They also served, and not just getting coffee
On this day, 77 years ago– just seven months after Pearl Harbor, President Franklin D. Roosevelt signed the proposal to establish the Women Accepted for Volunteer Emergency Service (WAVES) as part of the USNR into effect as Public Law 689. In all, before the service was demobilized after the conflict, over 86,000 female volunteers (including over 8,000 who served in commissioned roles) were accepted into the Navy for the duration of the war.
While many simply chalk up the WAVES to performing medical, cleaning, clerical and sundry tasks (there were some assigned as florists), it should be noted that a ton of stateside Crypto work was performed by these intrepid sailors (Via Station Hypo: Many after Boot Camp were sent to radio schools at Miami University, Oxford, Ohio then to Chatham Massachusetts for duty as German naval intercept operators or to Bainbridge Island, Washington, for additional training in Japanese Kata Kana code with follow on assignment as Japanese naval intercept operators. A further 100 worked at Naval Radio Station Skaggs Island, California where they copied Japanese weather broadcast schedules.)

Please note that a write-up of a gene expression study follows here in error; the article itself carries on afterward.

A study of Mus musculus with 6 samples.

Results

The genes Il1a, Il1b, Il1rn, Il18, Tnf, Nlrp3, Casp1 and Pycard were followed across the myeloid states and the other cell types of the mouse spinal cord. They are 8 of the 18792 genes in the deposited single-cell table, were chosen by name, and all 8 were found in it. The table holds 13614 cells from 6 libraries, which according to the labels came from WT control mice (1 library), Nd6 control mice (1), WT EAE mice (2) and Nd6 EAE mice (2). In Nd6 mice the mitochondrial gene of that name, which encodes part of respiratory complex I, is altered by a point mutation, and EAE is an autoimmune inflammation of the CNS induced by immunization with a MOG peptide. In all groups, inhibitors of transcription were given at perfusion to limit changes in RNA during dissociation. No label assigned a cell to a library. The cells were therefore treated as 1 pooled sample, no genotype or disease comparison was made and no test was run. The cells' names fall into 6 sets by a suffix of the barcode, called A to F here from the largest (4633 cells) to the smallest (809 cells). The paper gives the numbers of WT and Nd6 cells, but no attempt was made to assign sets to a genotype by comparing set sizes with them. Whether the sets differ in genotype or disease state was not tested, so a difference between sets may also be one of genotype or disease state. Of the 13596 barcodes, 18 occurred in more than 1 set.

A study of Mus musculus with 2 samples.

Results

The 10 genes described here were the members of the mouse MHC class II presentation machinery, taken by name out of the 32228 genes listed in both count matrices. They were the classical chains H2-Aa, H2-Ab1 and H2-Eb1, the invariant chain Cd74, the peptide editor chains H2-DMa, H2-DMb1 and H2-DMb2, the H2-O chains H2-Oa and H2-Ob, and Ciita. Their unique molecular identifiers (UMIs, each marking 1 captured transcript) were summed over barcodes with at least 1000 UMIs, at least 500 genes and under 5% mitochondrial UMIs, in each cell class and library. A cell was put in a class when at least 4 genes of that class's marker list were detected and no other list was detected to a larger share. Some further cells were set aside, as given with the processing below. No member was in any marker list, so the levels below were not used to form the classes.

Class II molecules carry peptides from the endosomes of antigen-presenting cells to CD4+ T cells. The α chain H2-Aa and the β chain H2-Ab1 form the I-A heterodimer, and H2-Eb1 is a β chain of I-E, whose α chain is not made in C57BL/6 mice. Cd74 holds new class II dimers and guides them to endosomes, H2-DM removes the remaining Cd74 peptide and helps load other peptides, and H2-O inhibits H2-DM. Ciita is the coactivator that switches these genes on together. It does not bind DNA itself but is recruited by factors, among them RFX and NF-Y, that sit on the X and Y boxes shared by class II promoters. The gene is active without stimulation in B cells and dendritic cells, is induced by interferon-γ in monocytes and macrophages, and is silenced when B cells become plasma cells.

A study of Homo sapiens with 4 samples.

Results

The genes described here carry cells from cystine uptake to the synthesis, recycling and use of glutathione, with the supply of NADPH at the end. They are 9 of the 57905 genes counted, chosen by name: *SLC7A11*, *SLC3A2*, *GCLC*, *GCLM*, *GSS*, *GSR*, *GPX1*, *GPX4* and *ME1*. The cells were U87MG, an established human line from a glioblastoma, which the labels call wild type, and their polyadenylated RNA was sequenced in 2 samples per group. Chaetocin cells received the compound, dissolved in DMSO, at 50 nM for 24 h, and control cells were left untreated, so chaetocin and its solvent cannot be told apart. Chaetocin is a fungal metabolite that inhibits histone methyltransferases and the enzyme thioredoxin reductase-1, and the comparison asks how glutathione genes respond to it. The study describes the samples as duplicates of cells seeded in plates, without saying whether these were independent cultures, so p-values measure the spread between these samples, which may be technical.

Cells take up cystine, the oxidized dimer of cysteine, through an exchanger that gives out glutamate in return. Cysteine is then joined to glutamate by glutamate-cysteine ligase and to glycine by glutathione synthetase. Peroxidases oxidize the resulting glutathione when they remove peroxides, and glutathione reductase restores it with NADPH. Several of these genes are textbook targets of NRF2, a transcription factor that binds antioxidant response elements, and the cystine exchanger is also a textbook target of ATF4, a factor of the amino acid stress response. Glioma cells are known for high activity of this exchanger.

Meanwhile, the Bureau of Aeronautics used some 23,000 WAVES around the country as mechanics, weather forecasters, ATC, gunnery instruction, navigation training, rigging parachutes, and in various other utility roles, keeping naval air stations running like clockwork.
The below rare color photo, shows WAVES aircraft mechanics at Naval Air Station, Oakland, California, working on the port outboard engine (a Pratt & Whitney R-2000) of a Naval Air Transport Service R5D, circa mid-1945. They are (left to right): Seaman 1st Class Gene Reinhold, Seaman 1st Class Lorraine Taylor and Seaman 1st Class Mary Harrison:
Slowly demobilized throughout 1946, the stand-down was brief as the Women’s Armed Services Integration Act (Public Law 625) was signed into law in 1948, allowing women to serve in the regular Army or Navy on a permanent basis.